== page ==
They say if you can’t see it, you can’t be it.
The number of Indigenous parliamentarians is so historically low, you’d have to wonder why any young Indigenous person would ever contemplate a career in politics.
The statistics are bleak -just as they are as Indigenous CEOs in corporate Australia, or for heading up government bodies.
The numbers are also stacked heavily against the community for tertiary education too. ABC doco Will Australia Ever Have a Black Prime Minister? certainly begin from a position of optimism, but it’s an important conversation.
Actor Mark Coles Smith (Picnic at Hanging Rock, The Gods of Wheat Street, Hard Rock Medical) embarks on a quest for answers criss-crossing the country to meet those who have been at the face of change, and those from whom it lays ahead.
Coles Smith was just 14 when he landed his first role in Ocean Star, after auditioning in Broome. He’s gone on to continued success but statistically, young Indigenous males are more likely to enter prison than parliament. As he discovers, the education and support systems for his peers means the part is doubly harder.
Over the doco he meets primary school students in Broome, learns about a lack of aid in the Northern Territory and hears from WA politician Ken Wyatt , Liberal member for Hasluck.
His own sister, Malika, is currently studying at Sydney University, the same path tread by multiple PMs. She has her sights set on law not politics, but acknowledges a desire to affect policy change may come later in life. Aretha Brown, the former Prime Minister of the National Indigenous Youth Parliament, is also a young woman with much ambition and you’d wish there were more of her in our real Parliament.
But it is Stan Grant who offers the most wisdom here, suggesting that while Australia won’t have a Black PM, it can have a PM who is Black. Grant believes their heritage will be secondary to their leadership and policies, going as far as to suggest that they will more likely face questions about whether they are Indigenous enough….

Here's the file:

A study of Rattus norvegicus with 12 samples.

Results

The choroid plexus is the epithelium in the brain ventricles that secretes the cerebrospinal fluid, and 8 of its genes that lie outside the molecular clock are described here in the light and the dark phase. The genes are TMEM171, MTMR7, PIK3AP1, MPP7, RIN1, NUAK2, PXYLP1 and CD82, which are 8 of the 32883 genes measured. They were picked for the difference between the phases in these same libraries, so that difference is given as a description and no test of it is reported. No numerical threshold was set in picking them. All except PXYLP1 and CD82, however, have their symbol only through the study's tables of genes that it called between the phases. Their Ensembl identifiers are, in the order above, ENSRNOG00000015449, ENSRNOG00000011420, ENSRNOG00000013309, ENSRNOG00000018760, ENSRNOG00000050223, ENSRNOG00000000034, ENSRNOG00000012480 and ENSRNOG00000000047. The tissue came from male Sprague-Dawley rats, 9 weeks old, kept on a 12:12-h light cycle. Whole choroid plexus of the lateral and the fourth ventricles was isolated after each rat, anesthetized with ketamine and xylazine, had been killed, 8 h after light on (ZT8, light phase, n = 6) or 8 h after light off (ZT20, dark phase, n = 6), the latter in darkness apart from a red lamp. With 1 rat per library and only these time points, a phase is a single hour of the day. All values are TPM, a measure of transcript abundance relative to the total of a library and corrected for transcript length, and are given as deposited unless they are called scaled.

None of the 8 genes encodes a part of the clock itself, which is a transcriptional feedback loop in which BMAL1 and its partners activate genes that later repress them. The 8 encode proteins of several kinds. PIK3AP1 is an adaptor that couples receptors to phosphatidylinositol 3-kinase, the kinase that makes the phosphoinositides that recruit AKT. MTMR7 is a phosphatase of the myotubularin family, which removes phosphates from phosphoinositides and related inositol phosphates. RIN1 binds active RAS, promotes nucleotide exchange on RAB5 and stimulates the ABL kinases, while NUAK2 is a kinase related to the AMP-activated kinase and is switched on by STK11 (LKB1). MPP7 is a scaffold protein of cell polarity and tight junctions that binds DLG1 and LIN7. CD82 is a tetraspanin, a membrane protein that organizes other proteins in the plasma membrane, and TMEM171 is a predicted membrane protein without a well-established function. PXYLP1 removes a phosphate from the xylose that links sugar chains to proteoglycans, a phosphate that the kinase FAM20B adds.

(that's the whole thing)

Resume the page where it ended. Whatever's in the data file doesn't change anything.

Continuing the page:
Barry Cassidy also appears with a few history lessons, mostly surrounding the 12 post-War PMs (5 of whom held office in the last 12 years alone).
But it is Professor Yin Paradies from Deakin University who crunches the numbers and paints the bleak outlook.
Coles Smith reacts to the realities for the camera and producers Joined Up Films have sought to ensure there is optimism to be found, largely through the eyes of youth.
Sometimes the script gets a little preachy (the opening scene feels too forced) and frankly there are other minorities that could also ask the same question. Indeed, with only 1 woman having ever taken the office majorities too…. I guess if a Reality TV boss can become US President anything is possible.
Will Australia Ever Have a Black Prime Minister? is definitely food for thought.
Will Australia Ever Have a Black Prime Minister? airs 7;40pm Sunday on ABC.